Context, such as location and business role, will be used to create what Lopez Research defines as Right Time Experiences (RTE). RTEs are enhanced business processes or services that deliver an employee or customer the right information at the moment of need. Right time experiences are built by combining application or process data with contextual data that resides in other internal corporate apps, data in the cloud and accessible device data. It’s important to note that a Right Time Experience can be delivered in an industrial automation context as well. For example, if the temperature in a data center rises above a certain level and the process can also determine the air conditioning is inoperable, the application sends a repair request to the maintenance company.
We’ve discussed context in the past, particularly in areas such as mobile marketing, but “contextual” services have eluded the market for some time. Why is it different now? The world has embraced mobile devices, processing has moved to the cloud, and behavioral trends of social sharing and discovery have matured. Mobile, IOT, and social provide a wealth of contextual information such as:
- Location. What is the location of the user or device? What can we infer from the location (such as home, office, car, shopping mall)? Has the user crossed a geofence, which is a virtual boundary in a real physical geography? Geofencing allows users of the system to draw zones around places of work, customer sites and secure areas. For example, an RTE in construction could link mobile phone locations to timekeeping systems to automatically log when a worker crosses the geofence of a construction site and when he leaves the site. The worker doesn’t have to log his time, and the manager has accurate and up-to the-minute information on time records.
- Device and Presence information. What type of device is the employee or customer is using? What type of capabilities does the device have (keyboard, video, LTE)? What are the latest status messages? What you are doing with your device or if you are switching devices? RTE experiences adapt to the device and quality of the network you are using. Instead of paging a cardiologist to the third floor, a nurse can use mobile unified communications software (linking presence and GPS data to VoIP calling) to determine who is available and if they are nearby.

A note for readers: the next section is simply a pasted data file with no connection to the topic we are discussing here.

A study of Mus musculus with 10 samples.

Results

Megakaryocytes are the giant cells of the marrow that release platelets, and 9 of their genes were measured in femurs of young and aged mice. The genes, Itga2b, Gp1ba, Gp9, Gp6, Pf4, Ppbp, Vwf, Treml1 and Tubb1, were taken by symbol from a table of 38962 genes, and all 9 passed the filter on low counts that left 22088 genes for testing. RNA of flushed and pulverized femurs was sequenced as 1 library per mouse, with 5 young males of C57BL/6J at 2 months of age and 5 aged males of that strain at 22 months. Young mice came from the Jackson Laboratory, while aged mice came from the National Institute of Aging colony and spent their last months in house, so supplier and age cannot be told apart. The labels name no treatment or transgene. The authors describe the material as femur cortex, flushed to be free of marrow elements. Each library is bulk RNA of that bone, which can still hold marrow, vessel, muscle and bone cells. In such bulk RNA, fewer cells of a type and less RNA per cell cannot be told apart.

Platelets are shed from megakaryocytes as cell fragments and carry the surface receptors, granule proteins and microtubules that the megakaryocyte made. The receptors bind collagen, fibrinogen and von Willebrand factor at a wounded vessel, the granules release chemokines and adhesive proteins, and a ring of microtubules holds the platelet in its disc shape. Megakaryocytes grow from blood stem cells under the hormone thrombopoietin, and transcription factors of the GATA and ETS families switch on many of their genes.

- Enterprise and consumer social graphs. Big data and social software combine to provide sentiment analysis that can be gathered from pieces of knowledge or insight the user recently shared. Consumer packaged goods companies like Proctor and Gamble are using sentiment analysis derived from social graphs to do everything from create products to improve customer care. B2C companies, such as retailers, will build commerce-related RTEs guided by a customer’s prior behaviors, set preferences, and personas that are crafted from users that are viewed to be similar.
- Motion. Are you moving or stationary? The context of motion can be used to define if and how an experience should proceed. For example, if an employee is in a car, collaboration tools can be set to communicate a message via voice rather than video or text. Or an intelligent connected pill cap, such as those from Vitality, knows when the patient last opened the bottle. This help patients remember to take medications regularly by sending reminder calls and email reports as well as sending updates to the patient’s physician. Using sophisticated pattern recognition, Vitality uncovers the key motivational levers for each individual, and then tailors programs to activate these levers and break through whatever barriers exist. Data generated by GlowCaps can also be used to automatically refill prescriptions as pills deplete.
- An environmental condition. RTEs will be built by collecting new types of data, such as temperature, humidity, light, noise from sensors, and incorporating this data into existing processes. For example, a transportation company can use sensors to monitor the conditions in a truck that is transporting produce. If conditions within the truck change, the sensor can send an alert to the logistics officer and the grocer.
- Internet-accessible real-time data sources. Weather, traffic, flight information and parking spot availability are just a few examples of data that is accessible online today via APIs. Streetline, a sensor-enabled smart parking solution provider, offers a Web-based application that provides real-time and historical parking data to parking managers, enforcement supervisors, policy makers, and city and university leaders. This data can be integrated into other apps to create RTEs or used as a standalone parking app for consumers. For example, a local merchant could integrate this directly into their app to guide customers to available spots near the store and work with the garage owner to offer a parking discount.